Normal Distribution
The normal (or Gaussian) distribution is a continuous probability distribution that is commonly used to model realworld data. It is defined by its mean (μ) and standard deviation (σ), and it has a bellshaped curve that is symmetrical around the mean.
The normal distribution has several important properties:

Mean, median, and mode: The mean, median, and mode of a normal distribution are equal and equal to the mean (μ).

Symmetry: The normal distribution is symmetrical around the mean, meaning that the left and right tails of the distribution are mirror images of each other.

Area under the curve: The area under the curve of the normal distribution is equal to 1, meaning that the total probability of all possible outcomes is equal to 1.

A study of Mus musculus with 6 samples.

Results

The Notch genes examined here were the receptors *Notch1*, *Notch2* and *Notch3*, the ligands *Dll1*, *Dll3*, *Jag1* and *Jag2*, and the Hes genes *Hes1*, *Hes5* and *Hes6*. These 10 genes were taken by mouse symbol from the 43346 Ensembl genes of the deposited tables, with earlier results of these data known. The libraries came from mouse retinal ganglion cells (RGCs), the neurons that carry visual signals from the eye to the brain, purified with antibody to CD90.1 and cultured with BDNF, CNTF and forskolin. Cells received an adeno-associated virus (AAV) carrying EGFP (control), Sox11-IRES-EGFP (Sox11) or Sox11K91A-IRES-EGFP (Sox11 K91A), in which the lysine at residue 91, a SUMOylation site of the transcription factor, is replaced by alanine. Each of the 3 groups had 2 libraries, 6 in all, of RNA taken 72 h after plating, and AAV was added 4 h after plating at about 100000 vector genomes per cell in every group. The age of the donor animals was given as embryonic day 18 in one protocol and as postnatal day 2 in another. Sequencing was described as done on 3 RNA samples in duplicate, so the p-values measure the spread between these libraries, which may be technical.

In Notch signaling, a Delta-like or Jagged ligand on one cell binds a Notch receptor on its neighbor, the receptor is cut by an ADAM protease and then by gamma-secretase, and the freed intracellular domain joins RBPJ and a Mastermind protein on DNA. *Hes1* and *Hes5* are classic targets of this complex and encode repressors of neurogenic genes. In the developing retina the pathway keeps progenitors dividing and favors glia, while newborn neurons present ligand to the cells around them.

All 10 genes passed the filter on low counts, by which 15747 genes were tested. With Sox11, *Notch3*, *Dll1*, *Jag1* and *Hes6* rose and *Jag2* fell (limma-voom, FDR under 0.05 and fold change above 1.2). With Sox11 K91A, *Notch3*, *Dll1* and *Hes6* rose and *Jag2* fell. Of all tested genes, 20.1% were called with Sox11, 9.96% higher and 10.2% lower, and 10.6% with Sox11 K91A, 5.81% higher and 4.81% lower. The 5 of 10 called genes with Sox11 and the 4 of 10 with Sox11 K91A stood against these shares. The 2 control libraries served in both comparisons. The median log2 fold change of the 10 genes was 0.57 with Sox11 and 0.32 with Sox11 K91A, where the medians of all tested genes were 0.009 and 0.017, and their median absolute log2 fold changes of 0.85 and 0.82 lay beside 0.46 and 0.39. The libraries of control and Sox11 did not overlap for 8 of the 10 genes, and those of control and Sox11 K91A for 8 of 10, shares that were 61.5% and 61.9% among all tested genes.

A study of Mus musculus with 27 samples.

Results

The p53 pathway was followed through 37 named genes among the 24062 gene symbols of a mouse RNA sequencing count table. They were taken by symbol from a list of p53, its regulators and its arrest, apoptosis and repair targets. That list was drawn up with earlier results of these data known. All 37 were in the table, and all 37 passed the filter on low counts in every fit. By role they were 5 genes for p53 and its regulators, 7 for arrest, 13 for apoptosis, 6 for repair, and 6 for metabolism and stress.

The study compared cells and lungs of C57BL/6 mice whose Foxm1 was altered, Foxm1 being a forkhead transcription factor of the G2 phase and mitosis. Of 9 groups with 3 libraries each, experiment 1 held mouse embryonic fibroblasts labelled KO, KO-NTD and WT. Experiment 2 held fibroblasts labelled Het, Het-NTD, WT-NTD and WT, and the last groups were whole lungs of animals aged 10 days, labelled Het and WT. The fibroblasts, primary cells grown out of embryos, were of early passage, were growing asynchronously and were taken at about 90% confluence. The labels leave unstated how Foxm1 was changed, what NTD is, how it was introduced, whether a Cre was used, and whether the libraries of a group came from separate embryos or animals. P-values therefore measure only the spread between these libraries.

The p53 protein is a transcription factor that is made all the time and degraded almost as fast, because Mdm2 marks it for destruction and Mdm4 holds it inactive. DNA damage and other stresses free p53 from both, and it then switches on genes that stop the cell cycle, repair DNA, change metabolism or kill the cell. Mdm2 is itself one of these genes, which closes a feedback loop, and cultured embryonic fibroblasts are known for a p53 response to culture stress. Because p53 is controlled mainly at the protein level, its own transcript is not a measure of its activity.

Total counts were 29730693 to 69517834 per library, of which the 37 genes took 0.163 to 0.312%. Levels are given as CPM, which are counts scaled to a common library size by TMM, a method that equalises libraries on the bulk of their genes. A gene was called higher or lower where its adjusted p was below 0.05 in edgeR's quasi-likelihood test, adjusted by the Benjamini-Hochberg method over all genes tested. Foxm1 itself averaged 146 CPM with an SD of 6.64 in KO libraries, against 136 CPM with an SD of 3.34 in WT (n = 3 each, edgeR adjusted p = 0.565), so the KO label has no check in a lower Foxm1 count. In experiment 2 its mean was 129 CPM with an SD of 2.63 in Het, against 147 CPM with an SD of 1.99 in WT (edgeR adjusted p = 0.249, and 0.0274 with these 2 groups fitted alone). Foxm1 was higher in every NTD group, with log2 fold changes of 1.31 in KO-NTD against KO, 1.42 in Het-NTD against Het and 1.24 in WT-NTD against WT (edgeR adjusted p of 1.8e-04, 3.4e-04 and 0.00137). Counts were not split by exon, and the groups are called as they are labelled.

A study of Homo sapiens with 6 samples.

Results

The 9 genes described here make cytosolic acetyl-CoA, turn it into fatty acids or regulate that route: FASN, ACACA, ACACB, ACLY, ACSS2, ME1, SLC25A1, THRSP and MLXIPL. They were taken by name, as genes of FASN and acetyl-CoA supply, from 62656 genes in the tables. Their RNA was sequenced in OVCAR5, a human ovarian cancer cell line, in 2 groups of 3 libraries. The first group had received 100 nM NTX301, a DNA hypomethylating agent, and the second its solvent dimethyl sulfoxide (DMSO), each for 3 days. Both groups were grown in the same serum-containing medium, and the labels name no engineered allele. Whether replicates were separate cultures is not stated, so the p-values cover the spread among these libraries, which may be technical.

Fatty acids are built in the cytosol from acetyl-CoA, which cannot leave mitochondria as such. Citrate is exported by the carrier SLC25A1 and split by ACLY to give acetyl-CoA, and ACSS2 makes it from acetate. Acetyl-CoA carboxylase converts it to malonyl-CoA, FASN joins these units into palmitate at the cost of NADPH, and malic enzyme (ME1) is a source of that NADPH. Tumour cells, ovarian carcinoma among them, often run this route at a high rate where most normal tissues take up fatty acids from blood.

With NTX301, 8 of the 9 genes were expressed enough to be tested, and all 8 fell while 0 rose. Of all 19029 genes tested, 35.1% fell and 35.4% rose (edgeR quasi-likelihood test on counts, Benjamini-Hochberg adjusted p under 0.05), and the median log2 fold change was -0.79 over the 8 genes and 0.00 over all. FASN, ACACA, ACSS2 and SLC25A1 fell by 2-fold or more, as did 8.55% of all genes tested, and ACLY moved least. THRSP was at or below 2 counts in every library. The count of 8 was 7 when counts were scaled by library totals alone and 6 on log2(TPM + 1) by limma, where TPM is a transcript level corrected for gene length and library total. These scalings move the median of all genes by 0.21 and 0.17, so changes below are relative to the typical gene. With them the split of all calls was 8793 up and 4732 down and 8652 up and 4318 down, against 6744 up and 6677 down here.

Standard normal distribution: A standard normal distribution is a normal distribution with a mean of 0 and a standard deviation of 1.
In Python, the normal distribution can be generated using the numpy library. For example, the following code generates random numbers from a normal distribution with mean 0 and standard deviation 1.
This normal distribution can be visualized using a histogram and a probability density function (PDF):
import matplotlib.pyplot as plt
import seaborn as sns
sns.distplot(data, kde=True, hist=True, norm_hist=True)
plt.show()
The normal distribution is widely used in many areas, including finance, engineering, and medicine, to model the distribution of various variables. However, it is important to note that the normality assumption is often not met in realworld data, and it is necessary to check the normality of the data before applying statistical methods that assume normality.